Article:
A $40 million renovation of Renaissance High School for the Arts is officially complete. Students, staff and parents celebrated their refurbished campus during a re-opening ceremony this week, with several dignitaries helping to mark the occasion.
Attendees enjoyed vocal, dance and drama performances by Renaissance students. Speakers included Board of Education Member Juan Benitez, Principal Kimberly Holland and former Principal Mark Zahn.
“I want to thank everyone in the district who made sure this campus is open for the academic year. This really should be a jewel for our community,” Benitez said. “Thank you to everyone who made this day possible.”
“It’s an amazing, amazing change,” said former Renaissance Principal Mark Zahn. “The Long Beach Unified School District has always supported Renaissance. They have now invested millions of dollars in this campus, and it is fantastic. Renaissance is back, and I’m sure it’s back well into the 22nd Century.”
Funding for the project came from school bonds approved by local voters. The major renovation includes a new two-story performing arts building, a physical education building, an open amphitheater in the center of campus, a new parking lot, perimeter fencing, marquee, signage and exterior sculpture. Buildings were retrofitted for earthquake safety, energy efficiency and accessibility by people with disabilities. New paint, ceilings, doors and floors were included, and portable classrooms were removed. The Office of Multimedia Services building on the campus also was renovated.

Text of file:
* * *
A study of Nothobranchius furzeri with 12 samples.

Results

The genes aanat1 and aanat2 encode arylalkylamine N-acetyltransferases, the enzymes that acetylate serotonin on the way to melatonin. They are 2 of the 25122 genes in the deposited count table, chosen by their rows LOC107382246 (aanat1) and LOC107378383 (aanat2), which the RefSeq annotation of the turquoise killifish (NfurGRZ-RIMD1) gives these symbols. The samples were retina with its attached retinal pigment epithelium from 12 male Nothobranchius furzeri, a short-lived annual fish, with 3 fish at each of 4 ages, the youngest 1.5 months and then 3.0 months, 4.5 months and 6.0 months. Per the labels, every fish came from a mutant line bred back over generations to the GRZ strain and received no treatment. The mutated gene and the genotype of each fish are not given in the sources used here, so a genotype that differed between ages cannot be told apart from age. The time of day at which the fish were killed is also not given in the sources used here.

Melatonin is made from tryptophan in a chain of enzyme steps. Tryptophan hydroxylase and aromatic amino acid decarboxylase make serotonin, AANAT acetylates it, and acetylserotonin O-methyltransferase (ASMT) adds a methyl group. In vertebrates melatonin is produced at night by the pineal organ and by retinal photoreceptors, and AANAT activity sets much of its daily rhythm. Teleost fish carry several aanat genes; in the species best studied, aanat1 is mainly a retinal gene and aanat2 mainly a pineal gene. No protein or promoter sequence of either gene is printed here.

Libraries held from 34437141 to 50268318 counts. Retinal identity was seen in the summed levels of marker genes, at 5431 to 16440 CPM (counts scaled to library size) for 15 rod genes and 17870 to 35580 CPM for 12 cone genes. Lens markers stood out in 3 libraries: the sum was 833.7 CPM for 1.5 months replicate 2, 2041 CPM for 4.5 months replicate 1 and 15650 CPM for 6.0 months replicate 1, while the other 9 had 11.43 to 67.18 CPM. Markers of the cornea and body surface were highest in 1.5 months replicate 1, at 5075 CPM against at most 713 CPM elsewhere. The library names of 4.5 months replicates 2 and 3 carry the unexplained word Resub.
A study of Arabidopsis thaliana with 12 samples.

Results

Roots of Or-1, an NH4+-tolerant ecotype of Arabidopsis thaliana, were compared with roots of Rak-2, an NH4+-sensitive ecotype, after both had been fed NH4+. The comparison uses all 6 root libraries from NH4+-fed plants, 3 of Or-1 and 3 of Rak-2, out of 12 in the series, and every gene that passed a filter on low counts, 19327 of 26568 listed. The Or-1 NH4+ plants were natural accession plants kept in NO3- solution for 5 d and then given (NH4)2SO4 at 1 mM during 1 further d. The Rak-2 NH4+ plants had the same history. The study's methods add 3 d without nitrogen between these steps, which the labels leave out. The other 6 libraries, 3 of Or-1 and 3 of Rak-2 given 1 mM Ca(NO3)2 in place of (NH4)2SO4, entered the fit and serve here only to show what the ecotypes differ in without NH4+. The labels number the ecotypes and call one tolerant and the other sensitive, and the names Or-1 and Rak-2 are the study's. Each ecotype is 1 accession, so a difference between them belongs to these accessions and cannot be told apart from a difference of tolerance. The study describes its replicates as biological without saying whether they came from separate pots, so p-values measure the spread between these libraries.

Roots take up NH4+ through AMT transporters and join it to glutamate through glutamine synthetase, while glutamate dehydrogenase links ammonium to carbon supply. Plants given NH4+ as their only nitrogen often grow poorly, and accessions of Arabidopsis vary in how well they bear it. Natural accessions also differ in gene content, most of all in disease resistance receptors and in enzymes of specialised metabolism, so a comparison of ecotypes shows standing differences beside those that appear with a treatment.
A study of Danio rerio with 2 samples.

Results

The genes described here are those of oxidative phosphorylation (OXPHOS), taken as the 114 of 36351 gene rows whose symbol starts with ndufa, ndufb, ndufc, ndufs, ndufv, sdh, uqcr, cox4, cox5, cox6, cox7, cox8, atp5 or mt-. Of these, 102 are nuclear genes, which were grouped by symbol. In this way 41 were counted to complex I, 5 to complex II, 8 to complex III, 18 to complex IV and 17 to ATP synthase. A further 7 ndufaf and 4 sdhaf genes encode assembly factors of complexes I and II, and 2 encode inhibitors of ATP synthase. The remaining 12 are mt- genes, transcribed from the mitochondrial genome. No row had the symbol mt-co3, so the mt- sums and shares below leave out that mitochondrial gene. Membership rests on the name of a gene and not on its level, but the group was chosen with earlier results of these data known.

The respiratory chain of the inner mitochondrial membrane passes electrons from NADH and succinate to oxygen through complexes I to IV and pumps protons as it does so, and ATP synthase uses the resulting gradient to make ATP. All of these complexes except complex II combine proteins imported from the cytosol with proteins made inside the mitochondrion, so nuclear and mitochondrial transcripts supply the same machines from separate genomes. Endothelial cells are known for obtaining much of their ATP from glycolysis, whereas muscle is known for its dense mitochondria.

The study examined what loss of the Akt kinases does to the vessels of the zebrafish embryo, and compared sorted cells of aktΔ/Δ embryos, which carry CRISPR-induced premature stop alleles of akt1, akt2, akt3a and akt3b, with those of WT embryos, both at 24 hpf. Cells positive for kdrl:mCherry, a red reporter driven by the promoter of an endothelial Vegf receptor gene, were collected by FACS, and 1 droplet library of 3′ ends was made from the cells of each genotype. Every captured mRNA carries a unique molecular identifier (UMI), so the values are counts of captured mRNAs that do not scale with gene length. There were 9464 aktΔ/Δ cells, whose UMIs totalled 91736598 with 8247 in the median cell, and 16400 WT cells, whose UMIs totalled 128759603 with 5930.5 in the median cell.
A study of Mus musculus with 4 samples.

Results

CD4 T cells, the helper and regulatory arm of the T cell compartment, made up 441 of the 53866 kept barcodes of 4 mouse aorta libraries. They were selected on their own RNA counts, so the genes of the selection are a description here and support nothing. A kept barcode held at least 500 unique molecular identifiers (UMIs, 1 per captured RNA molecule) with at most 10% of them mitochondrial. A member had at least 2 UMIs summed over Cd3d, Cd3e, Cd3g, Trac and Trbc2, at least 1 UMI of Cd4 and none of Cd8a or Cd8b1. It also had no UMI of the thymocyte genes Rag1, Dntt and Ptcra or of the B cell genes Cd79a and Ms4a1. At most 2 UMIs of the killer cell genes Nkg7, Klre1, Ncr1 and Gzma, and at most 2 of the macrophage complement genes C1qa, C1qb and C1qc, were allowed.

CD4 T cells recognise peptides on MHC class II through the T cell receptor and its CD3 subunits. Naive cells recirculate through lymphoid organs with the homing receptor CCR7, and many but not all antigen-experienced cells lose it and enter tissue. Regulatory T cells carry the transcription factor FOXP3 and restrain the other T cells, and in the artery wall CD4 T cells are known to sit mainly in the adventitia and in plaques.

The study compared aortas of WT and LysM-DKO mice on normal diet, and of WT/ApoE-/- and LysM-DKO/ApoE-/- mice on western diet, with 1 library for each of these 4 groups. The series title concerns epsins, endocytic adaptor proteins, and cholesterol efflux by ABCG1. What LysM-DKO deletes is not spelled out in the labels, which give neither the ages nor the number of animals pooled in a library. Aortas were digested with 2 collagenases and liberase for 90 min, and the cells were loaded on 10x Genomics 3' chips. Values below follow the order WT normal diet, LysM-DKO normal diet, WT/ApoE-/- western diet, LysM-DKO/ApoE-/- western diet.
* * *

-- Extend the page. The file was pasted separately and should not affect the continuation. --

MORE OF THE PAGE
With about 500 students, the small high school’s pathway, or emphasis, is Arts Media and Entertainment including instrumental music, vocal music, costume design, graphic arts, visual arts, stage technology and drama. The school was refurbished specifically to accommodate this pathway while offering rigorous college preparatory courses, including numerous Advanced Placement classes. Renaissance has been listed as a top high school in the nation by the Washington Post and U.S. News and World Report for seven years in a row.
The arts high school opened in 2004 on the site where the first high school in Los Angeles County (outside the City of Los Angeles) was built in 1898. The school was rebuilt after it was destroyed by fire in 1918 and again after the 1933 Long Beach earthquake.